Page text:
An appeal is a request for a higher court to review a lower court’s decision – and in many criminal cases, it’s a logical next step. Here’s what you need to know.
What is an Appeal?
When a judge makes a bad decision, you could be eligible to file an appeal. That means you would go to the next-higher court (the appeals court) and ask a different judge to take a look at the original judge’s decision.
What Are the Reasons for an Appeal?
There are several reasons a person may want to appeal a criminal conviction – but simply disagreeing with a judge’s decision isn’t likely to get your case heard in an appeals court. Generally speaking, you must have legal basis for an appeal, which means something in the law says your case’s outcome was wrong.
Some of the most common reasons people choose to file appeals include:
- Ineffective assistance of counsel, which means your lawyer during the original trial didn’t do things he or she should have. That can mean your attorney didn’t call a key witness on your behalf, talk to you about a plea deal the prosecutor offered or did something that showed legal incompetence.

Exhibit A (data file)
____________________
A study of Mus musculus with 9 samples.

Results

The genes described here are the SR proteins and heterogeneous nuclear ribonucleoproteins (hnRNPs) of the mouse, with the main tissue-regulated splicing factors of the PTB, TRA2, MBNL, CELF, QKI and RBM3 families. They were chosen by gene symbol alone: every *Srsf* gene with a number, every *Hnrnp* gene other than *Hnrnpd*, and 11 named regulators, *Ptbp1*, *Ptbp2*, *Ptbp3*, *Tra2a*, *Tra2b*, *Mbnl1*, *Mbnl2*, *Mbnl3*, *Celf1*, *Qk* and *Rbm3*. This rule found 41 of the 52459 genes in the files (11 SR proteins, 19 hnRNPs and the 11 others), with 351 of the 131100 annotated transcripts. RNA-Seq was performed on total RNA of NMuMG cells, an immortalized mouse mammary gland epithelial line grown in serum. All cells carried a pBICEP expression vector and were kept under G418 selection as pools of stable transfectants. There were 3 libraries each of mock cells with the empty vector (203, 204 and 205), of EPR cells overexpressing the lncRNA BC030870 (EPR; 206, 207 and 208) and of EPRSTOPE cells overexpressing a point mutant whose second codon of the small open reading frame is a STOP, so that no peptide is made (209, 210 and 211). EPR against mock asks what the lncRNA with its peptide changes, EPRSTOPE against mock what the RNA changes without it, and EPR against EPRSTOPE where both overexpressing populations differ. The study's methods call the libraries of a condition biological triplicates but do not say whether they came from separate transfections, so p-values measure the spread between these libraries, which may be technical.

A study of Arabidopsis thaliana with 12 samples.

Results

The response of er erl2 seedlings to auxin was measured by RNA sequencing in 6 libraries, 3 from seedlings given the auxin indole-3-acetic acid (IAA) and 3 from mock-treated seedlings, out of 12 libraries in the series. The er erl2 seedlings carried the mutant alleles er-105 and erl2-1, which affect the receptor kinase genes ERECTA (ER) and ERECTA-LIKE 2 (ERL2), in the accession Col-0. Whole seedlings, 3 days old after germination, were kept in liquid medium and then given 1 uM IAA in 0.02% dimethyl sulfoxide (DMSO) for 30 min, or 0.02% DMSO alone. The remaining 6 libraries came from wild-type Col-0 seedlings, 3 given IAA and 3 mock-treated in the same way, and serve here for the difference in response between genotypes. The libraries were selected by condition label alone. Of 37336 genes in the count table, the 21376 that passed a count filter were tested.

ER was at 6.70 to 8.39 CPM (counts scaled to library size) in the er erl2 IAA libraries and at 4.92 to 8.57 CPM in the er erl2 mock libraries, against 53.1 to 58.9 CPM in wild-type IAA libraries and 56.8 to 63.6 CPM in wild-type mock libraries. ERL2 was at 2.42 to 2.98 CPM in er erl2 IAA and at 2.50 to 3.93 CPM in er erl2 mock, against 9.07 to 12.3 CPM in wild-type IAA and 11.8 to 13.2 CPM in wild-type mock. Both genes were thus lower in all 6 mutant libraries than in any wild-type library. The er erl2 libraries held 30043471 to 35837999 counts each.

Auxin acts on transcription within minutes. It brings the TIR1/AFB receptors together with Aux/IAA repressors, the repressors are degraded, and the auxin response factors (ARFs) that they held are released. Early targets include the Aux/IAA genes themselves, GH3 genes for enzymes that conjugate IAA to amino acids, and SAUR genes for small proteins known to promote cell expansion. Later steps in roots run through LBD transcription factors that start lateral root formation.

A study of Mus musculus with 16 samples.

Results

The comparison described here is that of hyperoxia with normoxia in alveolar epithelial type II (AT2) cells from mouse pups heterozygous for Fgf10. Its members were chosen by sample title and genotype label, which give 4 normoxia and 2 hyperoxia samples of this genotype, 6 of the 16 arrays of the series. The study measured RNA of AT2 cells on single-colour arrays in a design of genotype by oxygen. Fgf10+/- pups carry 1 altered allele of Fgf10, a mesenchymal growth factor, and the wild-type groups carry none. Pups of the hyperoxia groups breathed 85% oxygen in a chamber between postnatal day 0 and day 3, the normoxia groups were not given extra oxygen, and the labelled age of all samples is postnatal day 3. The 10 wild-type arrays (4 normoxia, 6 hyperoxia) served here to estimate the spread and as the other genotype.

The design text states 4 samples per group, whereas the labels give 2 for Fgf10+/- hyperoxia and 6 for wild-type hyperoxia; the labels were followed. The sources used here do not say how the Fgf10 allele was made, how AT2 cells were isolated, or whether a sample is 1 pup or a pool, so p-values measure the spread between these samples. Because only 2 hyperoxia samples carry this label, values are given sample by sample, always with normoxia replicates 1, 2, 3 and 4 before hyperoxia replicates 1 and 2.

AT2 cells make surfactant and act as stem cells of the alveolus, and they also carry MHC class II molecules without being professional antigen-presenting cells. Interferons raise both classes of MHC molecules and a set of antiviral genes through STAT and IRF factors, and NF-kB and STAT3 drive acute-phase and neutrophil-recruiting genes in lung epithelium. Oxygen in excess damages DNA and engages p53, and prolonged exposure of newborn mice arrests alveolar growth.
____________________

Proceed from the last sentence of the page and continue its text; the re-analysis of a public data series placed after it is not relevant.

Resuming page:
- Problems with evidence, such as the inclusion or exclusion of certain evidence – or even a lack of sufficient evidence to support a guilty verdict.
- Plain error, which covers things like mistakes the judge makes during the trial, sentencing errors after your conviction or errors in jury instructions.
Do You Need to Talk to an Attorney About Appealing Your Case?
You may be eligible to file an appeal for many reasons – and if you think you are, you should talk to an attorney. You can call our office at 414-383-6700 for a free consultation. We’ll be happy to discuss your case, find out whether we can help you, and give you advice you can use to start moving forward.